Dying woman had to leave Roscommon Hospital bed for trolley in Portiuncula amid A&E crisis

‘She was in a situation where she had to leave a bed and go to a trolley. it was crazy

Mary Hughes (76) later passed away at Ballinasloe after waiting over seven hours for a bed before being admitted to a ward.

Sunday World journalist Edel Hughes said that even though her mother had lived close to Roscommon Hospital she had been transferred from there after suffering a seizure as the facility was unable to treat her due to a lack of services.

During a week of severe overcrowding with high trolley numbers in hospitals right across the country Edel told Shannonside FM that Stephen Donnelly must visit both Roscommon and Portiuncula to ensure changes are made to the healthcare system.

“We need an A&E in Roscommon,” Edel said. “People will say it’s impossible and can’t be done. But it was impossible to have private hospitals open to public patients until there was a crisis.

“And this is beyond a crisis. The facility itself, as in the bricks and mortar, are there in Roscommon. But obviously you need the staff, the correct ratios and you need incentives for staff to go there.

“Roscommon is one of the cheaper places to live in the country but the HSE needs to offer bonuses for people to move there. Stephen only needs to go to Roscommon and Ballinasloe and see for himself the conditions there.”

She added: “And centralized care is not working. It’s not working in Ballinasloe and it’s not working in the Midwest. As we saw, there are absolutely horrific conditions in UHL and now there is a possibility of Navan Hospital being downgraded which will put more pressure on Drogheda.

“That will not work either. If any lessons can be learned from the downgrading of Roscommon and Nenagh then it’s that it isn’t working.”

Edel described her mam as a “fantastic lady” who was “kind, friendly and could make friends with anybody in any situation”.

“She had some issues in the last few years, in particular her mobility was really bad, but her mental faculties were fine. She was very sharp and kept herself engaged in what was going on in the world or what was going on in the neighborhood.”

However, at the end of September 2022, her mam had been admitted to Roscommon Hospital.

“There was no real resolution as to why she had become ill,” Edel said.

“She went from being reasonably very clued in to what was going on in the world and what was going on around her to being extremely drowsy and fatigued and tired all the time.”

Earlier this week Edel’s mum had to be transferred to Portiuncula hospital after she suffered another bad seizure.

“She had two major seizures before but thankfully she came out of those. She hadn’t suffered one since June 2021 but something occurred that caused this seizure and she had to be rushed to Portiuncula, even though she was already in Roscommon.

“She was in a situation where she had to leave a bed and go to a trolley. It was crazy.

“I’m very used to Portiuncula and I’ve been there tons of times. My father suffered a lot of chronic illness so I was in there with him. And then with my mam in recent years. I know my way around quite well.

“I was looking around (for her), thinking she might be behind a curtain because sometimes they put vulnerable people behind a curtain to give them a little privacy and space.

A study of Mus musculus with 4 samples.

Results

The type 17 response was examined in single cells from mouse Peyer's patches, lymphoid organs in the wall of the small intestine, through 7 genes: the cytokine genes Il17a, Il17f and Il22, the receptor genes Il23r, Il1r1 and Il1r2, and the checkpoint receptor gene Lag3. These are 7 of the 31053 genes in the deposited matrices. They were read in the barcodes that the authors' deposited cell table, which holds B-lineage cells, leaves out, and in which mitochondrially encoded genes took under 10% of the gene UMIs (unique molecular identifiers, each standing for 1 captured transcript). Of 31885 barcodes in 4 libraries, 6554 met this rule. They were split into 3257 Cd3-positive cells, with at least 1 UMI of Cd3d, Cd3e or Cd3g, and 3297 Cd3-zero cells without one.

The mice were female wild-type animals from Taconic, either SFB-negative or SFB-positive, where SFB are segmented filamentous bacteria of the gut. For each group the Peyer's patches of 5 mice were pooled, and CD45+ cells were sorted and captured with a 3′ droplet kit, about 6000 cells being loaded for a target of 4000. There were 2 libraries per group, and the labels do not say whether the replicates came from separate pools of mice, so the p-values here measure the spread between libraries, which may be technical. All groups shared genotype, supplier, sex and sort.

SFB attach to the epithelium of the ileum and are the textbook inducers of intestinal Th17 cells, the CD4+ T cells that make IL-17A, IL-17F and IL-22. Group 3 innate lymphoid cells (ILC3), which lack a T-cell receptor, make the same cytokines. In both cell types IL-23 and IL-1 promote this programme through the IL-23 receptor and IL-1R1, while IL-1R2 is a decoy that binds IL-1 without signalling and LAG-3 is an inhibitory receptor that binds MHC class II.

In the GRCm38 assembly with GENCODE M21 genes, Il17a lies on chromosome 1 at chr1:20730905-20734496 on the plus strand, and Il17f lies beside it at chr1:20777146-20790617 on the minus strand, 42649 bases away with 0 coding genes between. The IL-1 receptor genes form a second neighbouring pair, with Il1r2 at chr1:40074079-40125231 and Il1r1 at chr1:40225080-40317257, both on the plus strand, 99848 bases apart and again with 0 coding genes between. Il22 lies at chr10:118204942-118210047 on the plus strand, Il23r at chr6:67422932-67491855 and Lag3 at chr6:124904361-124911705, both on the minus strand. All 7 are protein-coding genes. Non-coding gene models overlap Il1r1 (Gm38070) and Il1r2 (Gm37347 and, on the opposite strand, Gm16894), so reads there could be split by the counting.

“And then some people who are maybe a bit less vulnerable might be on the trolleys but I didn’t see her behind the curtains or on any of the trolleys. So I kept walking along until I found one of the nurses who took me down to the back.

“I didn’t even realize where we were but we were actually in the resuscitation room. It was the only space where they could keep her. She was highly distressed at that point. There had been a drop off in her blood pressure so they were just trying to stabilize her.

“But she really wasn’t well. Her breathing was very laboured, and I could tell she was in distress. They were just trying to put her somewhere safe, somewhere that it wouldn’t cause distress to her or other patients.

“But it’s not where she should have been. Obviously when I saw her my fear was that she was going to pass away downstairs on a trolley in the resuscitation room, in horrible circumstances.

“The nurses and the nurse manager in A&E were great, they were trying to stabilize her and give her some medication for the pain. Thankfully then the consultant came on duty and he was fantastic.

“He said he would continue to give her fluids while also being very realistic about her chances and being very honest.

“The nurses were trying really hard to find her a bed upstairs and after a couple of hours they did finally get her a bed.”

Edel added that “in the worst circumstance” her mam would have passed away while still on a trolley.

“I was just very scared for her at that moment, because I arrived at the time when she was distressed and I was like, ‘oh no she could pass away at any time’.

“For me the ideal situation would have been for her to get to a comfortable bed and have pain relief.”

Edel said that there now needs to be a change.

“When my mam suffered her first seizure in 2021 she had been living right across the road from Roscommon Hospital but she couldn’t be admitted.

“It wouldn’t be safe obviously as they don’t have the doctors and the staff. But it’s insane that she had to undergo that journey while she was unresponsive. And as any medical professional will tell you, if somebody is unresponsive, that’s a critical situation.

“The (patient) needs to be in the hospital as soon as possible with doctors and nurses and a team who can help.”

Edel is hoping that by speaking out that maybe it will help another hospitals like Navan or maybe something can be done about Roscommon.

“I would say to the minister or anybody who may be involved in healthcare policy or in Navan, that it’s been a huge mistake to downgrade Navan. And it’s been a huge mistake for Roscommon.”